Quiet Talks by Samuel Dickey: Gordon, Samuel Dickey - Quiet Talks with World Winners: 064. A Great World-chorus


TOPIC: Gordon, Samuel Dickey - Quiet Talks with World Winners (Other Topics in this Collection)
SUBJECT: 064. A Great World-chorus


I recall vividly a scene in Albert Hall in London nearly fifteen years ago. A remarkable gathering from all parts of the world had come together to celebrate the jubilee of the Young Men's Christian Association. About two thousand men had come from the ends of the earth. It was a world-gathering. There were sturdy Englishmen, cosmopolitan Americans, canny Scots, quick-witted Irishmen, sweet-voiced, fervid-spirited Welshmen, and courtly, suave Frenchmen.

Fair-haired, blue-eyed Scandinavians mingled with olive-skinned, black-eyed sons of Italy. The steady-going Hollander and the intense German mingled their deep gutturals with the songs of praise and the discussions. A few turbaned heads, inscrutably quiet almond-eyes, and others of energetic step and speech brought to mind the Great Orient, India and China and Japan. Men won up out of the savagery of Africa sat with Islanders from the Pacific.

They came from many communions and represented many creeds, and spoke as many tongues as the Jerusalem crowds on the day of Pentecost. But they were drawn together not by their attractive diversity, but because of their oneness. The drawing-power of Jesus was the magnet that drew them. It was the music of His Name that made all their tongues and languages blend and chord in sweet harmony.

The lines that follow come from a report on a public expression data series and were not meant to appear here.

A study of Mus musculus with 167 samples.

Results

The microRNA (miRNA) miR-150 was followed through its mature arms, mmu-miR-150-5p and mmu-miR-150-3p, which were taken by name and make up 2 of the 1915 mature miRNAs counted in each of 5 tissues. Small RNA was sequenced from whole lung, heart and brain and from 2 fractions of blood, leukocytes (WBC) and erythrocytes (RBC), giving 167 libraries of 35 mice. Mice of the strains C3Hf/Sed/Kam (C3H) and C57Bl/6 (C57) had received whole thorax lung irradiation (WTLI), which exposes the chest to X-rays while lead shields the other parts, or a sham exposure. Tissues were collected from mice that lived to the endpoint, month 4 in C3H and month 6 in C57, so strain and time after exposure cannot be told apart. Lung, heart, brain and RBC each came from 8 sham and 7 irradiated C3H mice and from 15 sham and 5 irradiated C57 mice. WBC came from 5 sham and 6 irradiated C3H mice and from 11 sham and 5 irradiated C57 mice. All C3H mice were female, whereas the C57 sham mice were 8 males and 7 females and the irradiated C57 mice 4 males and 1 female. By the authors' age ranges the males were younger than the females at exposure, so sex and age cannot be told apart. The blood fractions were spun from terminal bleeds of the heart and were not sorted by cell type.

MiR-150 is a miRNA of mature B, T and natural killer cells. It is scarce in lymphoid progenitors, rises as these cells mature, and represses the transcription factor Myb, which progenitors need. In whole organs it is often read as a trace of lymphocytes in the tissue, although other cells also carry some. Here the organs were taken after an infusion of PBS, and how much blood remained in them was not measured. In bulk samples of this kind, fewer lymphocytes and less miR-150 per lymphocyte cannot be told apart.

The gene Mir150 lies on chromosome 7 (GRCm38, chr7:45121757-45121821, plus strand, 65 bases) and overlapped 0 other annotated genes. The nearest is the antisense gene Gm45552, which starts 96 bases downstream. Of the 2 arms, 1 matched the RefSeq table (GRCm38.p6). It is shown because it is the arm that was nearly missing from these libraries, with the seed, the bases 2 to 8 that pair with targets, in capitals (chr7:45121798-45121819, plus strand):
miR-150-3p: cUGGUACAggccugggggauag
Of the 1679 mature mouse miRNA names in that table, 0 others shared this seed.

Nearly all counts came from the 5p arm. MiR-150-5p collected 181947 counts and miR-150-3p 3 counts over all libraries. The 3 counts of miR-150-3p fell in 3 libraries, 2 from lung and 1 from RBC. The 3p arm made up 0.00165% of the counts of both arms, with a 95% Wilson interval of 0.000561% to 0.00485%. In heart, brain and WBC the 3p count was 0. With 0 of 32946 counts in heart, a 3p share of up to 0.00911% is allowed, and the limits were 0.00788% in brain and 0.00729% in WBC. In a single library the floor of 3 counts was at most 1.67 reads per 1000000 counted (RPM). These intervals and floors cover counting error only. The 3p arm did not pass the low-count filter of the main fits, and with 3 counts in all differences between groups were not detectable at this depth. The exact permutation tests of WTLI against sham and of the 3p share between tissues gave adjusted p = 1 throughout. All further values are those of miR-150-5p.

This night I speak of they had gathered in the great oval-shaped Albert Hall opposite Hyde Park. With the Londoners, probably, fully ten thousand persons were present. And I think I shall never forget the vast volume of sound, as, led by a chorus of Scandinavian students, they all united in singing, "All hail the power of Jesus' Name."

They didn't sing it to our American tune of "Coronation," but to the old English "Miles Lane." That tune, you remember, repeats over four times the words, "Crown Him," in the last line, gradually increasing in volume, and the fourth time touched with a bit of quieting awe.

I can close my eyes now, and see that great world-gathering and hear again the sweet rhythmic thunder of their singing:

"And crown Him,

Crown Him,

Crown Him,

Crown Him, Lord of all."

No one can tell to another the thrill and thrall of such a sight and sound. It was all unconsciously a bit of prophecy acted out, faint but distinct, of the great day of victory that is coming.